A senior Catholic priest in Derry has offered to meet the leadership of the Real IRA in an effort to persuade them to lay down their arms.
Public anger and political outrage has followed the declaration of continued violence and bloodshed by a Real IRA spokesman at a 1916 commemoration ceremony in Derry on Monday.
The hooded spokesman, dressed in paramilitary uniform, said the Real IRA would continue to target police officers regardless of their religion and also vowed to protest at the Queen’s visit next month.
Now Fr Canny, administrator of St Eugene’s Cathedral in Derry, has volunteered to meet the dissident Republican group’s leadership in an effort to persuade them to drop their violent threats.
“By their actions they have placed themselves outside the democratic process and it is incumbent on us all to persuade them to reflect on that position,” said the well known priest.
“To that end I would be willing to meet with them, to listen to them and to tell them where their campaign is going. Their campaign means death, imprisonment and misery and has nothing to offer society.
“These dissidents are a small unrepresentative minority whose methods will result in death, despair and misery for society and for themselves. The time for that is long past.”
Political leaders on both sides of the border have condemned Monday’s declaration of intent by the Real IRA, one of three dissident groups currently stepping up paramilitary activities in the North.
Northern Ireland Deputy First Minister and Sinn Fein deputy leader Martin McGuinness described the renewed threat to kill PNSI officers as ‘bizarre’.
McGuinness also denounced the dissidents and said none of them can claim to represent the IRA.
“These groups are running around describing themselves with various titles with ‘IRA’ in it. They would be more appropriately regarded as not the IRA but more akin to Baader-Meinhof or the Red Brigade groups,” said McGuinness.
“These stupid and selfish dissidents are betraying the people, trying to sabotage the peace process, end working relations with unionists at Stormont and turn back the clock on policing.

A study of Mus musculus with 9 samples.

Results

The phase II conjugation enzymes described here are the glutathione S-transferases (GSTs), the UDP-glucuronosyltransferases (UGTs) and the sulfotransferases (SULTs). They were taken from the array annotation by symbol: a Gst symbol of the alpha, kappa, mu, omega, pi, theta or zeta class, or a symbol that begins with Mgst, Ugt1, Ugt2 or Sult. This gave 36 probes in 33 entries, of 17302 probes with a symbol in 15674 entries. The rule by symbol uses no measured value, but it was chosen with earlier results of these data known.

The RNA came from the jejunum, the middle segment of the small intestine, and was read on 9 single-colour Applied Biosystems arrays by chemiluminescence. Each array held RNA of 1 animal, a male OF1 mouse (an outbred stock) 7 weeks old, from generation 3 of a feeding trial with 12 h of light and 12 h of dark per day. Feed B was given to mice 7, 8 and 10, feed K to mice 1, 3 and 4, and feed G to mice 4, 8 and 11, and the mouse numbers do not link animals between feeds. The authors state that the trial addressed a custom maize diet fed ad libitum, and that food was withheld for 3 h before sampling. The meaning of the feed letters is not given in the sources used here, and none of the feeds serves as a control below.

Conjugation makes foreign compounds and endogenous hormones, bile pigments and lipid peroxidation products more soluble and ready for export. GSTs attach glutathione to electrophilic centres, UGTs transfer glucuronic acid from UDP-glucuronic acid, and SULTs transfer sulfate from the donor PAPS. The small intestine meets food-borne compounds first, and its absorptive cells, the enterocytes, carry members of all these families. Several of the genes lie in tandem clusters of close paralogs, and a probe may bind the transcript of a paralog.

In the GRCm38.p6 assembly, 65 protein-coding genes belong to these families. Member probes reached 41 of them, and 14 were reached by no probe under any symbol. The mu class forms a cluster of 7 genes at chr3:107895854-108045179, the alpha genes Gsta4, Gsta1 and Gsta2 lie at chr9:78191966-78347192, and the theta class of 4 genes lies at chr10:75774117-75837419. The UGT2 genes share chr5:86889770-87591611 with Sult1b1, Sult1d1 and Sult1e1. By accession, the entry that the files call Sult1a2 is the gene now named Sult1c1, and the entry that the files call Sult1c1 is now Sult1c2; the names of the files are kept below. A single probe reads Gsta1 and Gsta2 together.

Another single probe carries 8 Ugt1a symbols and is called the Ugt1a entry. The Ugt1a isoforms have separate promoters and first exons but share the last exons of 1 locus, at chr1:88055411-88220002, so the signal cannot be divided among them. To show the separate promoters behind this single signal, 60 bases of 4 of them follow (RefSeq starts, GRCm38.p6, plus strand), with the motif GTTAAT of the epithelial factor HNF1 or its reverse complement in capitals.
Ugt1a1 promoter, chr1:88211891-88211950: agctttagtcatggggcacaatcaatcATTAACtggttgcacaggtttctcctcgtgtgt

“They are imposters who are doomed to failure. Not just Sinn Féin but all of the other political parties on this island and the Catholic Church, the GAA, Protestant churchmen - they see all of us as the enemy.”
The Irish government in Dublin has also criticized the Real IRA statement and denied any contact with the dissidents.
A government source told the Irish Times: “There is nothing for the Irish Government to talk about with these people.
“The Irish Government has not been engaged in any channels, backwards or otherwise, in terms of the issues that the dissidents are raising.”
Deputy Prime Minister and Labor Party leader Eamon Gilmore said he was ‘absolutely disgusted’ by the threats made in Derry on Monday.
“The sight of somebody appearing in a mask and menacingly threatening Catholics who join the PSNI, nationalists who join the PSNI, that they will be killed, threatening the governments and threatening the people of this country, that belongs to the past and that is the past,” said Gilmore.
“They have no mandate. The arrangements in this country have been settled by the Good Friday
Agreement. It has been voted on by the people of this country and nobody has any right to challenge that in the way that these people are doing.
“The Government is absolutely determined that they will not succeed and the gardaí (Irish police) will work with the PSNI in bringing them to justice.”
US congressman Richard Neale, currently in Ireland, commended Gilmore’s pledge.
“My credentials on the North are perhaps unmatched in the United States and there can be no room in a representative democracy for somebody standing with a mask, making threats,” said Neale.
“The idea of a representative democracy is to make sure there are no masks. The Assembly is up and running, there are elections on May 5th and, not to miss the point of just how far we’ve come, part of the distance that we have all travelled has been in putting together a representative democracy, where people are free to use the crucible of politics to make a point and then to accept negotiation.”
“There is no room in the democracy that is in place for this sort of activity.”
Fianna Fáil leader Micheál Martin has described the dissident groups as ‘deluded criminals’.
“These deluded criminals fail to comprehend the true meaning of republicanism and quite clearly have nothing but contempt for this country and its people,” said Martin.
“We must continue to send out a strong and clear message that the PSNI, in close co-operation with the gardaí (Irish police), is a force for good on this island.”